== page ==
Soluble Guanylate Cyclase Stimulators (SGCSs)

What are SGCSs?

SGCSs are a type of targeted therapy used to treat people with PH. They are also the first targeted therapy to be shown to be effective in Chronic Thromboembolic Pulmonary Hypertension (CTEPH).  Targeted therapies slow the progression of PH/CTEPH.  The dose is the same for both conditions.

At the moment, the only medicine in this class are tablets called Riociguat (Adempas)

How do SGCSs work?

SGC is an substance produced in the body that causes the blood vessels in the lungs to dilate (become wider).   The mechanism for this is similar to the PDE5 inhibitors, so these two classes or medicine will never be taken together.

How are SGCSs started?

In the clinical trial, nearly all the patients increased to a dose of 2.5mg three times daily.  However the starting dose is 1mg three times daily and the amount taken is increased slowly over a few weeks.  Patients receive specialist support, management and training to get to their appropriate dose.  This steady dose increase process is usually called dose titration.  Sometimes Riociguat can drop the blood pressure so during the titration phase, so patients need to measure their own blood pressure.  This measurement can be done easily at home with home blood pressure monitoring equipment.   Once patients get to their maximum dose, no on-going monitoring or blood tests are needed.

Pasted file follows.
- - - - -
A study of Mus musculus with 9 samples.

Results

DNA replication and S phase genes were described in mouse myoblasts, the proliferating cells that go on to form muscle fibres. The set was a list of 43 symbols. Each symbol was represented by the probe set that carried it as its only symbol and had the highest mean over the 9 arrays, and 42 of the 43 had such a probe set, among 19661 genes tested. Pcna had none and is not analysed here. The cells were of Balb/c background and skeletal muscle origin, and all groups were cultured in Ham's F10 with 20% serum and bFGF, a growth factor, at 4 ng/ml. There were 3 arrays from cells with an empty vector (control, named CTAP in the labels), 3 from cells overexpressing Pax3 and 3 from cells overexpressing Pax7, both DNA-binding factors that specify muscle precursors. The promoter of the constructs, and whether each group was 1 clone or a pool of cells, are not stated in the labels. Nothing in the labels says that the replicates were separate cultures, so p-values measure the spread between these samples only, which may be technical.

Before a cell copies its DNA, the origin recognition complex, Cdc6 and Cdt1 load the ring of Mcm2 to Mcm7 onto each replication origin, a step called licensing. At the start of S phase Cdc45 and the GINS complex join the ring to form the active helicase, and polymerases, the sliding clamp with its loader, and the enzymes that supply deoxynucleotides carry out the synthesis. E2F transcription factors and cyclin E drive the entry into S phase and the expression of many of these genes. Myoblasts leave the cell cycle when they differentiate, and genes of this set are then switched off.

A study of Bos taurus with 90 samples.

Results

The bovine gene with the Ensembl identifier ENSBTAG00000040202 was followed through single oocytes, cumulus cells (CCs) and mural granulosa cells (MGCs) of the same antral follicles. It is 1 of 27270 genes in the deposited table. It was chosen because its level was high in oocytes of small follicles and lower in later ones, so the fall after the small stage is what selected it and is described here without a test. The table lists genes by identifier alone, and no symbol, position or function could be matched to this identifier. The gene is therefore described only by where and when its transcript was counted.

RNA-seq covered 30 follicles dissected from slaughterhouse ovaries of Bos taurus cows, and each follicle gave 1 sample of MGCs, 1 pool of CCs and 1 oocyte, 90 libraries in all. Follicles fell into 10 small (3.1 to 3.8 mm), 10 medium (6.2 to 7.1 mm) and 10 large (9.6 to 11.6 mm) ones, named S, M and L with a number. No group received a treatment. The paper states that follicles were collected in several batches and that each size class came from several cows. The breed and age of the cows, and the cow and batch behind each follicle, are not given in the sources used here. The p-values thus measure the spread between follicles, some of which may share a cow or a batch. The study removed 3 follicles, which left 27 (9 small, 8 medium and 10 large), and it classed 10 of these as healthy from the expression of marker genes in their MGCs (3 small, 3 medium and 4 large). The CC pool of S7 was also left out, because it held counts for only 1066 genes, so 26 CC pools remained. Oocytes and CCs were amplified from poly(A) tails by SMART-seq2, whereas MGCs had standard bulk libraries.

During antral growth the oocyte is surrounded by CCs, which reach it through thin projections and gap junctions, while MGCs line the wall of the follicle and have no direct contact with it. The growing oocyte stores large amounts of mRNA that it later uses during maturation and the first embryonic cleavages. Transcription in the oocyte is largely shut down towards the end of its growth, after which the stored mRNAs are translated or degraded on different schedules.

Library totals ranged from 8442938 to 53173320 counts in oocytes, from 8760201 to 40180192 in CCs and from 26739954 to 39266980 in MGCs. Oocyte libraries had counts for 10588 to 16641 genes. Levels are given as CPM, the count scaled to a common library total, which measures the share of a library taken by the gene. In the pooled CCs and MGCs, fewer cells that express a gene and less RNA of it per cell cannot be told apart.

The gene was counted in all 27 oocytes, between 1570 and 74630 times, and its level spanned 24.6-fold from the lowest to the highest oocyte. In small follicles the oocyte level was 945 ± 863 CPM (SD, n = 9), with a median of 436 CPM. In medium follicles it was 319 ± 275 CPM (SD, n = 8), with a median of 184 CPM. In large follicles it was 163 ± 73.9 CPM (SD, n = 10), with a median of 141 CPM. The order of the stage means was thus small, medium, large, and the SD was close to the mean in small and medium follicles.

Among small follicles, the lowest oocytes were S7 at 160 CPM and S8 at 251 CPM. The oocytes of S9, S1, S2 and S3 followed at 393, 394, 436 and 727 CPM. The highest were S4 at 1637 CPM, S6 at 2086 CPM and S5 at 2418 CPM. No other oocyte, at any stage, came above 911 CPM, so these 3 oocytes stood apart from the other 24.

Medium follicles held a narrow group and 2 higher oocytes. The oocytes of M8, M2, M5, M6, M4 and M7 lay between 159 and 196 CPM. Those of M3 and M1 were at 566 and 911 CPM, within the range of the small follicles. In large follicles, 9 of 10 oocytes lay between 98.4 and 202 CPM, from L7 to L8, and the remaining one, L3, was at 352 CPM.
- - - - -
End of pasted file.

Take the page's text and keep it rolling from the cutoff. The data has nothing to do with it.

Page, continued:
Your PH specialist team will ensure you have all the information and training you need.

Risks associated with taking SGCSs

Like all medicines, SGCSs are associated with some risks.  However, problems are usually temporary, and wear off quickly once your body gets used to the new medicine.  These are very similar to what we expect with PDE5s, so headache, flushing and lightheadedness due to low blood pressure.  For this reason, most people are given their first dose at the hospital so these side effects can be monitored and managed accordingly.  Following a successful first dose, patients titrate their dose as described above.  In addition to blood pressure issues, other common side effects include nasal stuffiness and mild GI disturbances.

PDE 5 inhibitors are known to interact with certain types of medicine. Your PH specialist will discuss the types of drugs you should avoid if you are taking PDE 5 inhibitors.

Your PH team will discuss all the risks associated with taking PDE 5 inhibitors with you.